Wednesday, August 14, 2013

Transformational Leadership Behavior Enhances Employee Performance

Research by Dr. Adam Grant helps to highlight how transformational leadership can transcend people’s self-interest. The leader is seen as the enhancer of performance to create the reality of performance. His work focuses on understanding how transformational leadership's influence is enhanced with follower contact and how pro-social perceptions mediate this performance. Organizational leaders should understand how their behavior enhances that of followers to achieve higher level outcomes.

The fundamental responsibility is for all leaders to motivate their followers to achieve new heights (Vroom & Jago, 2007). Without motivation there cannot be action. The transformational leader can elicit inspiration to rally motivated effort around a vision. Effectiveness comes through the ability to motivate the most followers as possible to do and be more in the process of change.

Transformational leaders have certain behaviors that impact their ability to be successful. They can articulate a vision, emphasize collective identities, express confidence and optimism, rely on core values, and push for ideals (House, 1977). Such leaders understand that people must see the future, should work together, can get through the change, and focus on their essential value systems while trying to improve the environment. It is a process of adjusting behaviors and the environment for a more productive end.

Influence requires the ability to change reality. Ultimately, creating structural changes in worker’s jobs create and impact on performance (Piccolo, et. al, 2010).  When employees can make a connection between their goals, paths to performance, desirable rewards, and the vision they can put their behavior within context. Such behavior and performance creates a higher level of awareness and this develops group behavior which manifests itself in new reinforced group expectations.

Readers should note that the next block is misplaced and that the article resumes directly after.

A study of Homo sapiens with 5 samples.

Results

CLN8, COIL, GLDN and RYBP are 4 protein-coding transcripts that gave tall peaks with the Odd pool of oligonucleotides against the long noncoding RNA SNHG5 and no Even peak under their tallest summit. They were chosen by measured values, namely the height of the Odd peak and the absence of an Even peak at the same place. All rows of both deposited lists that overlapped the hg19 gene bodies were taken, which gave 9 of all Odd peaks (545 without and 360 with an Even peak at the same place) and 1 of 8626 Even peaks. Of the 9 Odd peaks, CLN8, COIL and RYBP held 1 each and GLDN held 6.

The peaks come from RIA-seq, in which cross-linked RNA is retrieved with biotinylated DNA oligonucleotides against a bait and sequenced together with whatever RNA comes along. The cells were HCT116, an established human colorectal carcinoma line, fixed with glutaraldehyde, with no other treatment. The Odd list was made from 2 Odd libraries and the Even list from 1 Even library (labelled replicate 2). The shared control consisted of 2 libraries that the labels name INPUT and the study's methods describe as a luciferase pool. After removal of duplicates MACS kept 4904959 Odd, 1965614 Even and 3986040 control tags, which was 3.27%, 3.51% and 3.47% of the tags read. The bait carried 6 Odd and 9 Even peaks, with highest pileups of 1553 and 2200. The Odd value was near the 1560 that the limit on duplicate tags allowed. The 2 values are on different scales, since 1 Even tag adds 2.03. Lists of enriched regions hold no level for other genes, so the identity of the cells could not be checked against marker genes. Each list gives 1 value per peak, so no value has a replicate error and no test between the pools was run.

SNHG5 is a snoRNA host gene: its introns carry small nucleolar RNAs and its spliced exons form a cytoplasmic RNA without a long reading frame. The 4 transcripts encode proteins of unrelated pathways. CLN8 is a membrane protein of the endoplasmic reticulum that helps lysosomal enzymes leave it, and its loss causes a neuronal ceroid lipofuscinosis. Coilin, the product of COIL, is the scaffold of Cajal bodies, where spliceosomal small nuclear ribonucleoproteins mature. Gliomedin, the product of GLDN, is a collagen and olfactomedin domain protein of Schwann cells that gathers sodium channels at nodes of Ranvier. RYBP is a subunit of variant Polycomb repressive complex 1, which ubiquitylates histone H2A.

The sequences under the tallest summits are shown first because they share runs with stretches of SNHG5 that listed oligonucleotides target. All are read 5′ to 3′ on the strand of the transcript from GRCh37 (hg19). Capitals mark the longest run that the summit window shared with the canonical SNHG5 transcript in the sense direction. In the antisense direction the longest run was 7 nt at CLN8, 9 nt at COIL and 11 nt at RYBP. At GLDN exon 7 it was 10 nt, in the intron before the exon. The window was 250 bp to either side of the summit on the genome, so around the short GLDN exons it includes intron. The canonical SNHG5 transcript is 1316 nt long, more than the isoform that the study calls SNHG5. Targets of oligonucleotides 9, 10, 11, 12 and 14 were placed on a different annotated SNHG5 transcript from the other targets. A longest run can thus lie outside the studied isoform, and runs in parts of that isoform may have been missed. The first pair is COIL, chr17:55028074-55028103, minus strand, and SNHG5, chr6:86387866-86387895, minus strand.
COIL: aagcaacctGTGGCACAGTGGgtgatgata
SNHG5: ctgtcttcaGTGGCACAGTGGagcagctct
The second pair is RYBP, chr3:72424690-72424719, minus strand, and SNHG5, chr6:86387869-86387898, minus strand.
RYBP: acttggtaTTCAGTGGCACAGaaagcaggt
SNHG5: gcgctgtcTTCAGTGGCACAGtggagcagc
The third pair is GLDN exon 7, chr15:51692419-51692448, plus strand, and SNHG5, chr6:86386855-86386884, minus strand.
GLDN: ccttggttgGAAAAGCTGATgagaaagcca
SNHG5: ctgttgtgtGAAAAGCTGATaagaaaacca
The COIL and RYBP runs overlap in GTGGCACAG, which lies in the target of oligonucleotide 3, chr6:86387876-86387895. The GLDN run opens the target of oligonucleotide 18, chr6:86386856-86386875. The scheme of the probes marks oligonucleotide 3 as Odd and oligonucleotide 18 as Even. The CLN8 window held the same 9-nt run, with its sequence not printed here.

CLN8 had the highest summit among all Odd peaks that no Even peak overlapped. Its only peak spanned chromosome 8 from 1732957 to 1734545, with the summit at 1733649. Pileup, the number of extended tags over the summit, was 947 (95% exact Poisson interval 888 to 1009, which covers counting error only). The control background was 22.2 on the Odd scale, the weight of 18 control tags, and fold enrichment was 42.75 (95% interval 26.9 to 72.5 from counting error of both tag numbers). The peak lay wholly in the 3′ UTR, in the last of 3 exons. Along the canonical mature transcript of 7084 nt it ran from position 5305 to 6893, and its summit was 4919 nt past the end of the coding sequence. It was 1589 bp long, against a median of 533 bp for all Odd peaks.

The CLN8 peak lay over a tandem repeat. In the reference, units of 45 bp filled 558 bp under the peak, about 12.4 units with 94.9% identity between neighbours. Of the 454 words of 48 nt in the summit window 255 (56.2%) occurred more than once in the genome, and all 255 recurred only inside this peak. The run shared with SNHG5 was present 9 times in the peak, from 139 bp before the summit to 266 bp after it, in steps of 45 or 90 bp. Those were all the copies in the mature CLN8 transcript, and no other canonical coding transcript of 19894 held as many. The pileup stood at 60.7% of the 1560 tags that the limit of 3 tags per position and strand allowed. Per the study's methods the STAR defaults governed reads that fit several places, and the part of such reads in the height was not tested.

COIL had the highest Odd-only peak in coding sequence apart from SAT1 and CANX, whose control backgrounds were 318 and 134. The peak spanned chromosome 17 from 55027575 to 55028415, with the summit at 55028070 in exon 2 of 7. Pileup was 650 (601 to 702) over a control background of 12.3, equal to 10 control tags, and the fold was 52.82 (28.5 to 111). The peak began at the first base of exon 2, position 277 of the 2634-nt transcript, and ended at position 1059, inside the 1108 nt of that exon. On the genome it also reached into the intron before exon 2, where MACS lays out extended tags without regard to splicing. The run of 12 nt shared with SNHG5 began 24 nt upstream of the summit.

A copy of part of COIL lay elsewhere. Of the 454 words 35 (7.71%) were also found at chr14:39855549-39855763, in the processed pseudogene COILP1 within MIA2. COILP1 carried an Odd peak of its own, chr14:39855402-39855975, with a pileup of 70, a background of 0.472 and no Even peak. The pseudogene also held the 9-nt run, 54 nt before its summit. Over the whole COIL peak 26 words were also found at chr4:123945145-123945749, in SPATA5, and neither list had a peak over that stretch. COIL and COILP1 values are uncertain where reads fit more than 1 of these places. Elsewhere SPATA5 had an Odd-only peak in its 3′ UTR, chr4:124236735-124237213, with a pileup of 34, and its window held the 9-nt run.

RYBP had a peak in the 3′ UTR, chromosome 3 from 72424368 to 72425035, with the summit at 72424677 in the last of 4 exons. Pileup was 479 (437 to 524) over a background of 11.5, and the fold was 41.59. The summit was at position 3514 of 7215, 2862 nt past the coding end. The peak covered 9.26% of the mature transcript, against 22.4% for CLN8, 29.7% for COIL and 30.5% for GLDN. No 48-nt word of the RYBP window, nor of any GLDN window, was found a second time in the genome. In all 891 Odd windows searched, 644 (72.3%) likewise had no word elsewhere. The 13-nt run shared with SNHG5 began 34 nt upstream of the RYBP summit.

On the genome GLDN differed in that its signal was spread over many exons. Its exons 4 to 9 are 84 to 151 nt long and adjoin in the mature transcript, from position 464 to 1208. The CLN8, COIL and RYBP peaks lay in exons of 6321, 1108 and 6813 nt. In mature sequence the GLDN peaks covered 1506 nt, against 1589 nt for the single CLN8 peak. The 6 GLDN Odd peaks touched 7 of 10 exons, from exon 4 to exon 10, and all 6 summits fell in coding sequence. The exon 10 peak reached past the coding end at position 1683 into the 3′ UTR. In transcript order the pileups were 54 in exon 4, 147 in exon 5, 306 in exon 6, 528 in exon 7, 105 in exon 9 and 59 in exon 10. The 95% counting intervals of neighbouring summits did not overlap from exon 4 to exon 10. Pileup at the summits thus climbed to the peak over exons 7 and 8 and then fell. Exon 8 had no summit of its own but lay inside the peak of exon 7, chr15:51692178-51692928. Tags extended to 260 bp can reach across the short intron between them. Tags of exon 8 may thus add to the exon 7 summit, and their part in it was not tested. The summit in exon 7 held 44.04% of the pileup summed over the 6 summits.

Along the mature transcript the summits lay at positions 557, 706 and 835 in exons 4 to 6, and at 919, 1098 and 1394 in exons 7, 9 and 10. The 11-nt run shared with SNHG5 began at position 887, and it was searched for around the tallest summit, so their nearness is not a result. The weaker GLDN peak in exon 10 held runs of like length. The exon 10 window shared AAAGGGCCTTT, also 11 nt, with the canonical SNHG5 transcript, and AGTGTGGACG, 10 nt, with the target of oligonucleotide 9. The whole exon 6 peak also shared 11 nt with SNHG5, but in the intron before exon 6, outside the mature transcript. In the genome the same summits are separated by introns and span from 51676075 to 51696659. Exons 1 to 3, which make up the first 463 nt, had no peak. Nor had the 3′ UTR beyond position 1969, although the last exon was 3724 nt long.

Transformational leadership takes on different dimensions. It includes inspirational, idealized influence, intellectual stimulation and individual consideration (Bass, 1985).  Such leaders should learn to inspire, influence their environment, create intellectual interest and provide consideration to the needs of their members. Such behaviors help in the developing and maintaining of a progressive and developing network of followers.

Dr. Adam Grant (2012) found that transformational leadership contact with followers improved performance and perceptions of pro-social mediated this relationship. It furthers the argument that there is a relationship between leadership, job design and meaning making of employees. Leaders influence the perceptional boundaries between beneficiaries and worker actions. It would seem that strong communication skills, leadership skills, and relating task to performance with end user (i.e. customer) needs impact the success of that leader. The vision is a way for people to see and contextualize their individual parts in the whole process.
Bass, B. (1985) Leadership and performance beyond expectations. New York: Free Press.

Grant, B. (2012). Leading with meaning: beneficiary contact, prosocial impact, and the performance effects of transformational leadership. Academy of Management Journal, 55 (2).

House, R. J. 1977. A 1976 theory of charismatic leadership. In J. G. Hunt & L. L. Larsen, (Eds.), Leadership: The cutting edge: 189–207. Carbondale: Southern Illinois University Press.

Piccolo, (2010). The relationship between ethical leadership and core job characteristics. Journal of Organizational Behavior, 31: 259–278.

Vroom, V. H., & Jago, A. G. 2007. The role of the situation in leadership. American Psychologist, 62: 17–24.